Featuring Lee and Kelly Held, MHS Houseparents
With a love for teaching children, Lee and Kelly Held met in Houston, Texas, where together they taught at-risk youth. After several years of lacking resources to fulfill each student’s needs, the Helds were open to new opportunities closer to Kelly’s family in Grantville, Pennsylvania.
Each summer, Lee and Kelly would visit her family near Hershey, Pa. and pass by Milton Hershey School, always wondering what the cost-free private school and its 7,000-acre campus provided to working-class families. On one of their visits, Lee convinced Kelly to tour MHS and learn about the houseparent role.
“Not only did we learn about MHS, but we also left with houseparent applications,” Lee said. “A few weeks later, we were hired and decided on a start date and relocation plans.”
With a newborn on Kelly’s hip, the Helds moved to MHS and began the houseparent onboarding journey: school-wide orientation, specific training to the role, and flex houseparenting, where they shadowed other seasoned houseparents.
Once assigned to a student home, houseparent couples move into their own apartment attached to the student home with a private entrance and patio, several bedrooms, bathrooms, a living area, and kitchen. Houseparents are allowed to live with up to two dependent children, who attend nearby local schools while living in Hershey.
“We are encouraged to include our personal children in this journey—which is priceless to us,” Kelly said. “Through the years, our girls learned just as much from our students as the students learned from them. Our two daughters grew up at MHS and have grown because of our community.”
As houseparents, couples work together to oversee eight to 12 students of the same age range and gender. Each student home follows a busy weekly schedule including transporting students to activities, preparing meals, overseeing chores, helping with schoolwork, and more. During the school day, couples have unscheduled time where they can engage with their family, participate in community activities, and fulfill hobbies or passions.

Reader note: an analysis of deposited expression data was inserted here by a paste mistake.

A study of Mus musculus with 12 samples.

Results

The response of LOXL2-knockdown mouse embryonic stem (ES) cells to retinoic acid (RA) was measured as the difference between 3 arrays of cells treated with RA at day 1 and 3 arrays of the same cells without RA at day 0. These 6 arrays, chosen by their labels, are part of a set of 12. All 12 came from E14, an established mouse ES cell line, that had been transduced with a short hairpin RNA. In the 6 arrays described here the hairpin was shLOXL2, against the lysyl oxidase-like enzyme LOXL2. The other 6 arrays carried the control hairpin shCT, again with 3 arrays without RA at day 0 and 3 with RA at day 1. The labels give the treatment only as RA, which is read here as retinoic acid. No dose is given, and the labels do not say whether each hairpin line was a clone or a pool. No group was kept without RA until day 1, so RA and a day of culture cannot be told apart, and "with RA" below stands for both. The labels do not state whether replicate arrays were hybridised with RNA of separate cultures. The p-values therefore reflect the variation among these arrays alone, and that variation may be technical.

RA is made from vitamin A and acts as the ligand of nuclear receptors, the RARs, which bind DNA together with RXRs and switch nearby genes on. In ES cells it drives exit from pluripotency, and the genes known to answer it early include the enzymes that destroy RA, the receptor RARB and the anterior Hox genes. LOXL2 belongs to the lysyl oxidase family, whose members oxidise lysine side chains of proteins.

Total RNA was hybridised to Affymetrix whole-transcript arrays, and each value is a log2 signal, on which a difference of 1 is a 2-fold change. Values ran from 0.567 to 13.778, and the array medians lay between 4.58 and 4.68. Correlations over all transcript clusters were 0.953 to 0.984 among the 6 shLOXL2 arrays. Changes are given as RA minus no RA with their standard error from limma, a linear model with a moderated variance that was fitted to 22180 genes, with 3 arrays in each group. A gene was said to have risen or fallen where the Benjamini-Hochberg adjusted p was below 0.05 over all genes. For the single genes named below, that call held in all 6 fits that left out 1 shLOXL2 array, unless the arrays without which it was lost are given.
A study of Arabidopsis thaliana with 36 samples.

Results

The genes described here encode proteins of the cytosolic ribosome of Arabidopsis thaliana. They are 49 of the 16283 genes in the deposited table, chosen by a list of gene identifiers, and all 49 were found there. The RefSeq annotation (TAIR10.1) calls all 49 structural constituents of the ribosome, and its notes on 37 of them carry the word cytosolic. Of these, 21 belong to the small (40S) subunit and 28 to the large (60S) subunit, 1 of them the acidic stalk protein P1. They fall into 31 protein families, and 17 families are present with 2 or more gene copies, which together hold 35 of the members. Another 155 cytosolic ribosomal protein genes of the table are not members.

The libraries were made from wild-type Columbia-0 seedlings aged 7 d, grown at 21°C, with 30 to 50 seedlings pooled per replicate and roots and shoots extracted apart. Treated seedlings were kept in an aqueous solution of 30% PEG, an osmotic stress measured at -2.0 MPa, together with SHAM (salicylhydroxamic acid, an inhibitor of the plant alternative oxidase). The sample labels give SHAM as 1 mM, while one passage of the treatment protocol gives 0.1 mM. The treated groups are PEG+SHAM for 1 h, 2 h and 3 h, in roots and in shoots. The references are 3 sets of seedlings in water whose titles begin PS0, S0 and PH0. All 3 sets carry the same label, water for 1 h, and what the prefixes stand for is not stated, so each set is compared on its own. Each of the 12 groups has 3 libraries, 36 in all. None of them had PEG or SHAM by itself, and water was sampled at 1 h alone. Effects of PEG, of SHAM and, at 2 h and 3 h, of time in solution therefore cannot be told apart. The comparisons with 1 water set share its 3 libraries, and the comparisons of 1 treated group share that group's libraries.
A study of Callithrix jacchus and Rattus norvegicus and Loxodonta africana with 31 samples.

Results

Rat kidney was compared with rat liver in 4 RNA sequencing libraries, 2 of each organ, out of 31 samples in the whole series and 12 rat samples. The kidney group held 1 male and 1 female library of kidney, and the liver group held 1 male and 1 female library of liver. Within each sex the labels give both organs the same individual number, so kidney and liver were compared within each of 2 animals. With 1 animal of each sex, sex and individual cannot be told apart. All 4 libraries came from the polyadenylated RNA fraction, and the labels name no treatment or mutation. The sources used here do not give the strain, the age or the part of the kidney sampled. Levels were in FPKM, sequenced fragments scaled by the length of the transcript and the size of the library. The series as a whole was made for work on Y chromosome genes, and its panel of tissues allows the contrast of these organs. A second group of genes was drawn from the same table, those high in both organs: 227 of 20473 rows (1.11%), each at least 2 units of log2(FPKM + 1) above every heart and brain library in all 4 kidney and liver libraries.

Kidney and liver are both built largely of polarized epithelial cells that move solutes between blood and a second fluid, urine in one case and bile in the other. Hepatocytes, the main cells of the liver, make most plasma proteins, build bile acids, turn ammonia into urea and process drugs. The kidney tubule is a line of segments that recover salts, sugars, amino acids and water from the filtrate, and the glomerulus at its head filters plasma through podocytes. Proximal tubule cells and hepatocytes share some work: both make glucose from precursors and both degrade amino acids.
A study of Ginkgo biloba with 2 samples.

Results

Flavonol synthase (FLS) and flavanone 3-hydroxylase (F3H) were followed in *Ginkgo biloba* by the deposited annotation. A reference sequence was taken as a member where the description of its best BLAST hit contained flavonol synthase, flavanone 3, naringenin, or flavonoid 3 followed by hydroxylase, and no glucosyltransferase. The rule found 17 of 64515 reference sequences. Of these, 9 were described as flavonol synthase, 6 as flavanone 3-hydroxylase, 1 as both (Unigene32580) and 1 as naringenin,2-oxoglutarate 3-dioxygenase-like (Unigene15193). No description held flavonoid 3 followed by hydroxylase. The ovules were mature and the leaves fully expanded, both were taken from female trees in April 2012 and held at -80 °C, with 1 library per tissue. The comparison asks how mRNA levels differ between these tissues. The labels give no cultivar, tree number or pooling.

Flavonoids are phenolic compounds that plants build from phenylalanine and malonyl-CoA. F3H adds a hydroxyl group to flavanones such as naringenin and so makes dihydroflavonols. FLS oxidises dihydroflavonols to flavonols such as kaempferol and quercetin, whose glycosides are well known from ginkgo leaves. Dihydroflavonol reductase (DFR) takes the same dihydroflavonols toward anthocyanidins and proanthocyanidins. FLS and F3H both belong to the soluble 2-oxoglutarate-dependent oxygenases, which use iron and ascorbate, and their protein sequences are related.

“Everyone who works at MHS has so much to offer our students,” Lee said. “You don’t have to have a special degree to change lives. From teachers to pastors to empty nesters and everything in between, you just have to have a passion for helping students succeed.”
The Helds were excited about this career as it allows them to impact youth outside of the classroom in a family-oriented environment. Houseparents play a critical role in coordinating all functions of the student experience beyond the classroom to ensure children have their basic daily needs met. Often as a teacher, the Helds wanted to be more involved with their students and worried about their resources available at home.
“While teaching, we would send kids home often wondering if their needs would be met,” Lee said. “Here at MHS, we can make sure of it through our whole child approach to education. MHS provides everything a child needs including clothing, food, medical, dental, vision, and psychological services, and more.”
After 21 years of houseparenting, the Helds enjoy mentoring new houseparents and welcoming interested couples into their student home to understand the Home Life experience.
“When you work at MHS, you are a part of a large family and everyone is working towards one goal: providing a nurturing and safe home and school for low-income children,” Kelly said. “After two decades in this role, Lee and I want to help new houseparents succeed and provide them with a network to rely on.”
Interested couples can learn more about the houseparent role by attending an Online Information Session where MHS recruiters and current houseparents discuss the Home Life role in detail and answer questions live.
“Knowing that you played a small part in someone’s success is enough for us to feel satisfied that we did our job well here at the school,” Lee said. “The greatest thrill a houseparent can have is hearing about one of your former student’s success and all that they are achieving.”
(This blog post is re-posted on houseparent.com with permission from Milton Hershey School. It first appeared here).